Sciences are distinctive in many ways, but they all have in common the drive to minimize Type I error. This, you will recall, is the risk of accepting a hypothesis when it is actually false, as against rejecting it when it is actually true—the Type II variety. Sciences are progressive, advancing over time, because they have systematic procedures for expunging falsehoods. Other fields of human achievement have much to offer, but they lack this particular trait. Biology in 2011 is “better” than biology fifty years ago in a way that music or politics isn’t.
If you are still wondering whether economics should be considered a science, think about all the articles you’ve read that claim to be testing theories, and where the key language is “is consistent with”. “The starred coefficients in Table 9 are consistent with the properties of equation 18", “The greater incidence of such episodes in countries in Panel A is consistent with the predictions in our model”, etc.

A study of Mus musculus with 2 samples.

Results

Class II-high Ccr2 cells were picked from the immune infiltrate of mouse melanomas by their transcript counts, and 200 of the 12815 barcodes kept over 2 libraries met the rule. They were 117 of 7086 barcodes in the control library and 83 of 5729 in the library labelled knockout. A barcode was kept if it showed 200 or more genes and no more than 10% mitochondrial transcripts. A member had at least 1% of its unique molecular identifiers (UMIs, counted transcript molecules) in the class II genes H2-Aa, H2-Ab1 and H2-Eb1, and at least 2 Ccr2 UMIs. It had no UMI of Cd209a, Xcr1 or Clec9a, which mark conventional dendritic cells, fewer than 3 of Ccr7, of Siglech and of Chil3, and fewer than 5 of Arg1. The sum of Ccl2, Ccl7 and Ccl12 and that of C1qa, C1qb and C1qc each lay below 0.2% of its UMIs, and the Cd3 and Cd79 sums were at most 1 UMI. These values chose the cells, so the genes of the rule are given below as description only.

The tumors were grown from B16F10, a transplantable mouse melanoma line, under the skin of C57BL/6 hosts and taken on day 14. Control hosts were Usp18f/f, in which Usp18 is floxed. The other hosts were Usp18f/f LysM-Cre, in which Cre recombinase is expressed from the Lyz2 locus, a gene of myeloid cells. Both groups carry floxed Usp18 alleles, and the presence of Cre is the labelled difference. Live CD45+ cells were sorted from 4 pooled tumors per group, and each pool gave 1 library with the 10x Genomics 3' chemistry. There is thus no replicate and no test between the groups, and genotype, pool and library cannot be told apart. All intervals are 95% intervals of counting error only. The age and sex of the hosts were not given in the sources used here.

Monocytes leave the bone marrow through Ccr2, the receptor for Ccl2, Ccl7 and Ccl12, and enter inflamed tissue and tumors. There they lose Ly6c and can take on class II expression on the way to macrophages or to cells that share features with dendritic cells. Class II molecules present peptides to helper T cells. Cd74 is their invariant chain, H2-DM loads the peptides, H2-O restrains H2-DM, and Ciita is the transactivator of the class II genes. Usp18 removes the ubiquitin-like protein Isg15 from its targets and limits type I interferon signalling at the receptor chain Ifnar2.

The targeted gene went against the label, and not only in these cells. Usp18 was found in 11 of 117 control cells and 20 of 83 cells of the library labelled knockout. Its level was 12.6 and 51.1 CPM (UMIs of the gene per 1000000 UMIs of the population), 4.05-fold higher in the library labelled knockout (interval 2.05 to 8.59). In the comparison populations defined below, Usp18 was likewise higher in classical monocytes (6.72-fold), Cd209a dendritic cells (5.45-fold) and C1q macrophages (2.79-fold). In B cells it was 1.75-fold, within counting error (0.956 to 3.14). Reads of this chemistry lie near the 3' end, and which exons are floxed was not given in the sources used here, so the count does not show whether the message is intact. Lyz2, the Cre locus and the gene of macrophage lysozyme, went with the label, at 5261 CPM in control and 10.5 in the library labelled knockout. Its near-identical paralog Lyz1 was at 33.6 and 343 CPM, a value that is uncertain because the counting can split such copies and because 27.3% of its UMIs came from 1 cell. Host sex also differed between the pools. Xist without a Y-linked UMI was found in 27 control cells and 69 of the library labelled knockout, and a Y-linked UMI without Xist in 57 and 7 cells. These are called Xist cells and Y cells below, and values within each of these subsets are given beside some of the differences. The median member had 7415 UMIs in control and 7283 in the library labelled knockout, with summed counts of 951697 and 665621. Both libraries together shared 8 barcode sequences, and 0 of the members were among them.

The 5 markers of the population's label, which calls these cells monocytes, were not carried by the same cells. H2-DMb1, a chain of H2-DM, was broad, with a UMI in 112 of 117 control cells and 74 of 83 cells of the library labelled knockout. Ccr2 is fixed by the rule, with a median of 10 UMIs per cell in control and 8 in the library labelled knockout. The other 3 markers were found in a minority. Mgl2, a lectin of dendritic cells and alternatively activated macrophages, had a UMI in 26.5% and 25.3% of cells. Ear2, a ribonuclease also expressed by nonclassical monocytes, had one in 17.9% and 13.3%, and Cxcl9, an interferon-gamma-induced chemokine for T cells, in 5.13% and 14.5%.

The long form of “is consistent with” is “we should be more willing to accept this theory because it could be explaining the data”. The short form of this long form is “rejecting this theory risks Type II error”. Remarkably, most economists think this approach is what makes economics scientific.
If you take Type I error seriously, you have to ask, does the evidence preclude any other explanation? Am I at risk of accepting a false explanation because there is another which is actually correct? In practical terms, this means two things: taking all plausible explanations into consideration and not just the one you want to support, and searching aggressively for all the elements in your data that might contradict your pet theory. This second admonition includes examining subsamples whenever feasible, for instance.
Because economics, as it is practiced, is more concerned about Type II than Type I error, it propagates and defends a vast array of dubious propositions, and there is little methodological resistance.